Germany to Discuss Putin's Proposal on Intermediate-Range Missiles in Europe With Allies

© Sputnik / A. Zubtsov / Go to the photo bankLaunch of RSD-10 Pioneer intermediate-range missile
Launch of RSD-10 Pioneer intermediate-range missile - Sputnik International
BERLIN (Sputnik) - The German Cabinet confirmed on Wednesday it had received a proposal by Russian President Vladimir Putin to introduce a moratorium on the deployment of short- and medium-range missiles in Europe and is planning to discuss it with EU, NATO allies and partners.

"We can confirm that the German government has received a message from the Russian president. According to our information, other allies and partners received a similar message," the Cabinet's press service told Sputnik.

"We intend to discuss this message with our closest partners in NATO and the EU," the press service said.

Russia's prominent Kommersant newspaper earlier reported that Russian President Vladimir Putin sent a message to the leaders of a number of countries, including NATO members, with a proposal to introduce a moratorium on the deployment of the Intermediate-Range Nuclear Forces (INF) Treaty in Europe and other regions.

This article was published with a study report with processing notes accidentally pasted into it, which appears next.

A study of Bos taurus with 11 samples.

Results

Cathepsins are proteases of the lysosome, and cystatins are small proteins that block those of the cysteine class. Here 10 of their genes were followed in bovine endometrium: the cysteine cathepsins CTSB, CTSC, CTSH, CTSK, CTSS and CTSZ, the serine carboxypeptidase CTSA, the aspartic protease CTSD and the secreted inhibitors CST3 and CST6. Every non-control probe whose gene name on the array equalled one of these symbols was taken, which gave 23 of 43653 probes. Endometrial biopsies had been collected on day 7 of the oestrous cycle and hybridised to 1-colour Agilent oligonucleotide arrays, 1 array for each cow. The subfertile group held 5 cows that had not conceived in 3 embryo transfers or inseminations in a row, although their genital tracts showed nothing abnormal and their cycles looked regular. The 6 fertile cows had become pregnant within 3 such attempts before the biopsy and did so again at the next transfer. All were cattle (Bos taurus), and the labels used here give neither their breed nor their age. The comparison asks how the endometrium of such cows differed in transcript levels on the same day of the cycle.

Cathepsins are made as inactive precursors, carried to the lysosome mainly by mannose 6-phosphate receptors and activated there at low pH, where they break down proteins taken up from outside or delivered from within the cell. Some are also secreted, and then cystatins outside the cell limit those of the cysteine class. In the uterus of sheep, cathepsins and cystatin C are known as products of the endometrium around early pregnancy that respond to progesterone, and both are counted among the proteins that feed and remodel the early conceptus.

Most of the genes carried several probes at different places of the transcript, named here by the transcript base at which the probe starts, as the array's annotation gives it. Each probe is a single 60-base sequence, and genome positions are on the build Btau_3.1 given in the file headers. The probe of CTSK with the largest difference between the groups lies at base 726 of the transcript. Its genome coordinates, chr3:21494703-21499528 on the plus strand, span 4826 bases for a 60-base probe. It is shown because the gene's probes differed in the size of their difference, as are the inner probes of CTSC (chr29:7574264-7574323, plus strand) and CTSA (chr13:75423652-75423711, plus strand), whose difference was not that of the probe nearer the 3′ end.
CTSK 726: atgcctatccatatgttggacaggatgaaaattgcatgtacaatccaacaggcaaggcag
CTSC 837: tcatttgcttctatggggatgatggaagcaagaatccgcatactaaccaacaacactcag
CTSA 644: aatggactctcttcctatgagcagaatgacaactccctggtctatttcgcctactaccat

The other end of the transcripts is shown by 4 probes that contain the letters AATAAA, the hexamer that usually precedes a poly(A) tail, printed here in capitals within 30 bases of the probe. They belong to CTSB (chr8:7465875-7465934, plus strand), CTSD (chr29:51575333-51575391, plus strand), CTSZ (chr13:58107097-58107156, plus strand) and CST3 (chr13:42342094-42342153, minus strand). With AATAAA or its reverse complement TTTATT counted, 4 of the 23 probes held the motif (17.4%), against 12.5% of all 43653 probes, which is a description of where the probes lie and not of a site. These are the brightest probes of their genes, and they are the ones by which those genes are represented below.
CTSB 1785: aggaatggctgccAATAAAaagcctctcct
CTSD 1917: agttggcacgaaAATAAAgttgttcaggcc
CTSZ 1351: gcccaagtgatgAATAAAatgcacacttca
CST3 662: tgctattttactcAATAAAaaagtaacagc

The message on the subject of the INF Treaty was sent on September 19, NATO diplomat, who arrived at the 74th session of the UN Nations General Assembly, told the media outlet.

In addition, according to the publication, the Russian leader sent the same messages to a number of non-NATO states, such as China. Also, a similar letter was received by EU foreign policy chief Federica Mogherini and NATO Secretary-General Jens Stoltenberg.

According to the letter, the moratorium on the INF missile deployment will require additional verification measures, especially in conditions where medium-range missile launchers have already been deployed in Europe.

The INF Treaty, signed by the United States and the Soviet Union in 1987, required the countries to eliminate and permanently forswear all of their ground-launched ballistic and cruise missiles with ranges of 500 to 5,500 kilometres (310 to 3,417 miles).

The United States withdrew from the INF Treaty on August 2 after formally suspending its INF obligations six months earlier. Moscow suspended its own participation in the pact in July as a response. Both countries have repeatedly accused one another of violating the 1987 treaty.